18 June 2009

History, Biblical History & More History

Chapter four, The Myth of Superman written by Umberto Eco, discusses how heroes from “Hercules to Siegfried, from Roland to Pantagruel, all the way to Peter Pan” have been equipped with powers that are not common to men (107). The myth of Superman is describing the many differences in the structure and the “civilization” of the novel (109). According to Eco, the main interest of readers in a “civilization” modern novel is how the plot of the story gains the attention of the readers (109). He discusses that in order to understand the plot of the story/comic the character must be defines for the readers to understand what is expected and how the story will play out. In a novel the hero is characterized with events that lead to catastrophe. In Superman it is a little more difficult because it was published only in weekly editions with a couple of pages where the problem was identified, he solved the problem and it things were back to normal. It kept the readers waiting till the next issue was released. Unlike a novel that tells the whole story in one book and does not end until the book is finished. The reading myth of Superman, included: Superman as a model of ‘heterodirection’, civic conscious and political consciousness, and the role of the reader.
As if I was not already confused about comics we read the Myth of Superman that incorporates the history comics and superhero’s with Superman as a model, heterdirection, civic conscious and political conscious and the role of the reader came about. I tried to be open minded and learn from the reading but after reading it three times I realized that I must be stupid because it made no sense to me. Maybe while discussing the reading in class I can understand something of what I read.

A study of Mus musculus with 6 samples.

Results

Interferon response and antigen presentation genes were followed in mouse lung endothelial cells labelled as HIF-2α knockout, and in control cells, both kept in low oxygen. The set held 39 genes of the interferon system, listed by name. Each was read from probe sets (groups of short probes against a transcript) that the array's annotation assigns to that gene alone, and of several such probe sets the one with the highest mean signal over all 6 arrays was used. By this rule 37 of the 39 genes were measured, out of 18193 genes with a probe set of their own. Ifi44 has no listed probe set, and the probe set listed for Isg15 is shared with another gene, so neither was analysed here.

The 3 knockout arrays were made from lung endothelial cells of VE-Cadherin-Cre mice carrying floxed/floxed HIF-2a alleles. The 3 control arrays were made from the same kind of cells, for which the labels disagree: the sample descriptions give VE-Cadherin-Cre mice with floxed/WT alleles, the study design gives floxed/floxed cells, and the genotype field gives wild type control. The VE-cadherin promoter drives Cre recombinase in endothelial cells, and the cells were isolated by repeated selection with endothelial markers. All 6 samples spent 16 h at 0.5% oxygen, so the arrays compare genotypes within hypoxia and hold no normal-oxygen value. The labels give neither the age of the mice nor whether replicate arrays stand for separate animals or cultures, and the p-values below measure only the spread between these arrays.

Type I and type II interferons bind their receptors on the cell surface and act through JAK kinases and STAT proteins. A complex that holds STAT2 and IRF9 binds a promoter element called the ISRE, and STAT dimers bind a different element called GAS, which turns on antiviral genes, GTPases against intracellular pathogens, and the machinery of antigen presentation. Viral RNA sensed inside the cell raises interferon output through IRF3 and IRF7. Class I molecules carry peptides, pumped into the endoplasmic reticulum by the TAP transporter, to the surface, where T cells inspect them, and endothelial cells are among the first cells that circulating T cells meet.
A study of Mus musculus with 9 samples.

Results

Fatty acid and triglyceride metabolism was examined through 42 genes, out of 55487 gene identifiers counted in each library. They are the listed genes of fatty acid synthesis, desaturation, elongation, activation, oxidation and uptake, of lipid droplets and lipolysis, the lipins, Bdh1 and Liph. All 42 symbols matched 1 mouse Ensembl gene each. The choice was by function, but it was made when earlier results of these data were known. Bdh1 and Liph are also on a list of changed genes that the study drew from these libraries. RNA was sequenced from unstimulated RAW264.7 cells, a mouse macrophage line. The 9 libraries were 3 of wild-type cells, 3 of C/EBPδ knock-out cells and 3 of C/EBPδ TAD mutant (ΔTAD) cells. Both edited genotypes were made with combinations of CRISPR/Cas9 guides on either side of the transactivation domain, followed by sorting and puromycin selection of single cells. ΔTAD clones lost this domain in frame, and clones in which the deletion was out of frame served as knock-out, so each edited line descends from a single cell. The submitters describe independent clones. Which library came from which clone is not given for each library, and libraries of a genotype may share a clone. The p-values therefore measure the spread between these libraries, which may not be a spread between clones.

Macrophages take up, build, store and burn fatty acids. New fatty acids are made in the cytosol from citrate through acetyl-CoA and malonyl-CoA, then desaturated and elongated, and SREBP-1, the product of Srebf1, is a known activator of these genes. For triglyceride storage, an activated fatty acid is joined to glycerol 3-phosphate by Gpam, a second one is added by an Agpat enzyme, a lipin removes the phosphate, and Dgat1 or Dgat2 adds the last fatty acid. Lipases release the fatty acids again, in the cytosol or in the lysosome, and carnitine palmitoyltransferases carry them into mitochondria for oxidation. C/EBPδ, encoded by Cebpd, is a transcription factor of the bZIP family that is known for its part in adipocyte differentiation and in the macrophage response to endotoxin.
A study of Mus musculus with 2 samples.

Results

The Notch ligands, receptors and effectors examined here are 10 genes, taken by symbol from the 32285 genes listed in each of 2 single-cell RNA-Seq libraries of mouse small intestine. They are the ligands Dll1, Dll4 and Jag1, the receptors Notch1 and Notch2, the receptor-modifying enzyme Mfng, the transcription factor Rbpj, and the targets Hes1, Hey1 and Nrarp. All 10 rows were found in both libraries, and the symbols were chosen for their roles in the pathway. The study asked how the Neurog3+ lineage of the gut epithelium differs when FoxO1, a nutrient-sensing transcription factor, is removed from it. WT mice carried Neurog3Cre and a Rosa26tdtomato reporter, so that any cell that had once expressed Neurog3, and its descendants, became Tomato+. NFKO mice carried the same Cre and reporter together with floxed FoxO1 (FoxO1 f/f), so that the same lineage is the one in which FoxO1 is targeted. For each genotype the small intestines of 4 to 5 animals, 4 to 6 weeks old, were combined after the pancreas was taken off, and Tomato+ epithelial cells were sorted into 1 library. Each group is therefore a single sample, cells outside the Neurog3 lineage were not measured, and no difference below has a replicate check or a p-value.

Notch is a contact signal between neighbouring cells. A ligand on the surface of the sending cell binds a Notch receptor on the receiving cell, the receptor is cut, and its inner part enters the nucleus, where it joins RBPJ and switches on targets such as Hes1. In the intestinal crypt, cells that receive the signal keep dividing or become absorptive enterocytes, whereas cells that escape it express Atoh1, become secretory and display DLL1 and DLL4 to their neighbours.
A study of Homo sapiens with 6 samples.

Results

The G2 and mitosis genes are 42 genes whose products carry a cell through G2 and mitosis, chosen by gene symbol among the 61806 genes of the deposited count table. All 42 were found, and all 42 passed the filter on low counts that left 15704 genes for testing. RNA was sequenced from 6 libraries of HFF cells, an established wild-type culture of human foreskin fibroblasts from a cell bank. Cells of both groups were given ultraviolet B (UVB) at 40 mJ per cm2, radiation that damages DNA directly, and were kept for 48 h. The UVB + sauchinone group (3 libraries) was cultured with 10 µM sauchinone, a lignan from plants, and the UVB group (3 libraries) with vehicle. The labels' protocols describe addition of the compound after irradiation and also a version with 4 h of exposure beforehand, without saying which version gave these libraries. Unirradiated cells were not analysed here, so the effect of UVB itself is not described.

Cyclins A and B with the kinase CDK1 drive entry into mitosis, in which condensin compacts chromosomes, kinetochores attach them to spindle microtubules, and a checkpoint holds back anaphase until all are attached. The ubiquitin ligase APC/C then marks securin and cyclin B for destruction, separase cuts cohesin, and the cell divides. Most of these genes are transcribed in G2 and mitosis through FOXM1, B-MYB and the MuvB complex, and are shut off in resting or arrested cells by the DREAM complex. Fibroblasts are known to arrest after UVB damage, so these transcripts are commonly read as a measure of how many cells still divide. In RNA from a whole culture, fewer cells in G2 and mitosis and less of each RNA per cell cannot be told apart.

In the Up, Up, and Oy Vey written by Simcha Weinstein, the author tells us that there were superpatriachs and supermatriarchs of the Bible before any of our superhero’s like Superman, Spiderman, and Batman. Jewish Americans were amongst the first to created superhero’s that were going to conquer evil. They created hero’s that represented Jewish traditions like Superman personifies integrity, Batman personifies justice, Captain America was identified as personifying patriotism, Hulk as anger, Spiderman as responsibility and redemption and so forth. Jewish people are under the assumption that if the word “man” is written afterwards a last name it’s probably that they are Jewish or a superhero.
I was amazed to see the origination of our superhero’s and how they carry values that represent good and noble behaviors. When these comics were created it seems that they were created to inspire young children and teach moral values. I enjoyed the religious aspect of the reading as well I never really thought of Moses, Aaron, Joshua, David, Samson, and Elijah as hero’s. I just knew that they protected and served their people.

2 comments:

  1. You are in no way stupid for not understanding The Myth of Superman. It was a dry read and I question the relevance of it all. At least you could explain what you read.


    And I think you too are missing the point of the whole "-man"/"-mein" suffix. It was joke pointing out that a lot of Jewish surnames end with "man," just like a lot of superheroes' names.